Rising crypto adoption will temper regulation

Regardless of new rules central banks may set to govern their use, cryptocurrencies like Bitcoin will eventually trounce regulations as adoption rises leaving authorities no choice but to give up on their control, industry insiders have said.

For example, the South Africa Reserve Bank recently disclosed plans to limit the amount of local currency that can be sent out of the country using cryptocurrencies. The aim is to curb the use of virtual currencies to evade the country's financial regulatory controls.

Philip Agyei Asare, founder at Blockchain Foundation Africa and chief executive officer at BTCGhana says authorities are aware of the power cryptocurrencies offer ordinary citizens, but appear to still be fixated on "maintaining the status quo which means the constant championing of fiat and barring any possibilities of crypto adoption".

"Cryptocurrencies are built on libertarian principles and looking at the way governments around the world operate, there's the constant need to be in control of sensitive assets such as currencies. They are not willing to relinquish that level of control although with time widespread adoption will force them to."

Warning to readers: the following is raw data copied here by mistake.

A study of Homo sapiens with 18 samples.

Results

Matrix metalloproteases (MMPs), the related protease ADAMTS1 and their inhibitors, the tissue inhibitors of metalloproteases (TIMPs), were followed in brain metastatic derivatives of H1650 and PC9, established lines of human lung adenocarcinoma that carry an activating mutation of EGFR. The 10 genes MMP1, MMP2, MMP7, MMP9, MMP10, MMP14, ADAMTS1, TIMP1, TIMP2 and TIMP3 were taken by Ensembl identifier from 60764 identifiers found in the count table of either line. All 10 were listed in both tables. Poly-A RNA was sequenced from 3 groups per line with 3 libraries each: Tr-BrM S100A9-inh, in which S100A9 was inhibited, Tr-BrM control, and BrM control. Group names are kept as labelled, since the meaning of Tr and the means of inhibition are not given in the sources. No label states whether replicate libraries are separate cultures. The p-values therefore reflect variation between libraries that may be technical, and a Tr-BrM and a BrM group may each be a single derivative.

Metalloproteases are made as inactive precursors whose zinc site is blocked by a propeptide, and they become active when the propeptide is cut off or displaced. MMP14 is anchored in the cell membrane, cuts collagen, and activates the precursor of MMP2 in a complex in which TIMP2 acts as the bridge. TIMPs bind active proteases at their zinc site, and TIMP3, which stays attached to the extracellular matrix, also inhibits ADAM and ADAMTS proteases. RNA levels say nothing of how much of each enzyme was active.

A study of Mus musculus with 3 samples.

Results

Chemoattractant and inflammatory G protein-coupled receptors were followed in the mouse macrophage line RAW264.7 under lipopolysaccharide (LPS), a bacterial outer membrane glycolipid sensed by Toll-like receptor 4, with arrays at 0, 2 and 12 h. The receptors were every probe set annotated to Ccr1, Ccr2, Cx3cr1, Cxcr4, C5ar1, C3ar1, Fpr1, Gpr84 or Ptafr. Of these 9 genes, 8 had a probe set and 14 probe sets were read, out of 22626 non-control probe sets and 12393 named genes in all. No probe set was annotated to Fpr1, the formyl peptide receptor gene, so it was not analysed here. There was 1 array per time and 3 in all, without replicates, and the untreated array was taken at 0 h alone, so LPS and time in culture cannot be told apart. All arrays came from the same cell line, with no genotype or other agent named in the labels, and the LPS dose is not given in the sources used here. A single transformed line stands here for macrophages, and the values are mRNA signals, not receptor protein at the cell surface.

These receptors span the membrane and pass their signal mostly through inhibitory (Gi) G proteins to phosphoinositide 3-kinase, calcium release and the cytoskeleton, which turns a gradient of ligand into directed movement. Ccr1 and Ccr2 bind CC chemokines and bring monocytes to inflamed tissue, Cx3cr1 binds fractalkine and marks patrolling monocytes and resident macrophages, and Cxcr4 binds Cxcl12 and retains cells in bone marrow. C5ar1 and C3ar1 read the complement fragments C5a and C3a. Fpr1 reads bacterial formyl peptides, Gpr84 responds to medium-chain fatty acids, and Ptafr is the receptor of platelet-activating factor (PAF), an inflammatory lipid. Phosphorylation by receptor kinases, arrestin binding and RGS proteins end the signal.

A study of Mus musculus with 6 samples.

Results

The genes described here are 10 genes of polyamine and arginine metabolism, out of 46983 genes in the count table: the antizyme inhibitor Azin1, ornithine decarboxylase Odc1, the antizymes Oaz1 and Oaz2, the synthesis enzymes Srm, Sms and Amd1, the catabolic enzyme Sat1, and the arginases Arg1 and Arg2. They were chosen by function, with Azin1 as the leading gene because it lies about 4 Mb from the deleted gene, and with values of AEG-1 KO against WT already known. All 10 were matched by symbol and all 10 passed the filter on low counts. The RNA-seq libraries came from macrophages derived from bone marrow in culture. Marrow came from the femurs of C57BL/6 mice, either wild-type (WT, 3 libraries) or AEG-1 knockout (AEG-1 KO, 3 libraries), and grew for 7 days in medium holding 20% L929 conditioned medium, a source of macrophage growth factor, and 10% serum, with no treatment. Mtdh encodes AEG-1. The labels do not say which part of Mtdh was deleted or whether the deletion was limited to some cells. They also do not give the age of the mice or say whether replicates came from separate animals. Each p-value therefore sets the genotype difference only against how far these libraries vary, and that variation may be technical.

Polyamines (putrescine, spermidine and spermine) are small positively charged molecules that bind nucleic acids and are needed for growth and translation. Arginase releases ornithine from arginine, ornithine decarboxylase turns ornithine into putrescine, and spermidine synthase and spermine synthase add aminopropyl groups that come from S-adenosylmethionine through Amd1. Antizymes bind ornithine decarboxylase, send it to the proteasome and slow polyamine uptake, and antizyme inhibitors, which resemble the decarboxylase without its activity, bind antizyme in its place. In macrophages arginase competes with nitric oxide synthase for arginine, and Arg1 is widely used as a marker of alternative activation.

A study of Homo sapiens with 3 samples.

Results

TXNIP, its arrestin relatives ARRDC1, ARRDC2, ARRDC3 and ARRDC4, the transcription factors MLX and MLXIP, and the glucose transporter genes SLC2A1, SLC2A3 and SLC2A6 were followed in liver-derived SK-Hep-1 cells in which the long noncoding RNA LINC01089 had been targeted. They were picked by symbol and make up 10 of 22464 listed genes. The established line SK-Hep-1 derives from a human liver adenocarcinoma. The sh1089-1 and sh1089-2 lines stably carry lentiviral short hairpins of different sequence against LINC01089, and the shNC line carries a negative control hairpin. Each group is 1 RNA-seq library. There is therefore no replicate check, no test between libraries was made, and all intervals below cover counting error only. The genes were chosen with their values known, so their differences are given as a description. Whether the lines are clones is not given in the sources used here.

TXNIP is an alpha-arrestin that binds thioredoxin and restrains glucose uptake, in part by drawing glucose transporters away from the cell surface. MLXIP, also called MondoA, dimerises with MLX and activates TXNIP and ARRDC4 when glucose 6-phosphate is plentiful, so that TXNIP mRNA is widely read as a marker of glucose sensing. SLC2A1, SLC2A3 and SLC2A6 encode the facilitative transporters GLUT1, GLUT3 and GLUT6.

Setting new rules could heighten animosity against cryptocurrencies like Bitcoin to "eventually reach epic levels,'' adds Irlon Terblanche, founder of Blockchain Capital (South Africa).

"With the unfortunate reality that there is nothing that a central bank, regulator or bank can do about it, Bitcoin will do to banks what the internet and email did to post offices; what Uber did to the taxi industry. It is just a matter of time. Eventually, Bitcoin will completely negate any government's ability to meaningfully implement capital controls and it will make it more difficult for central banks to implement monetary policies the way they currently do."

Terblanche bases his submission on the "various fairly-advanced innovations underway in the Bitcoin space.

"Applications running on the Bitcoin network continue to improve. Bitcoin continues to evolve. It is just a matter of time before its adoption will be felt by governments and banks."

Philip adds: "The best case scenario is for regulatory bodies and governments to leave cryptocurrency alone. They should allow it find its footing and warn citizens to 'trade at their own peril'. A free market approach to crypto will lead to faster adoption and better innovative use cases."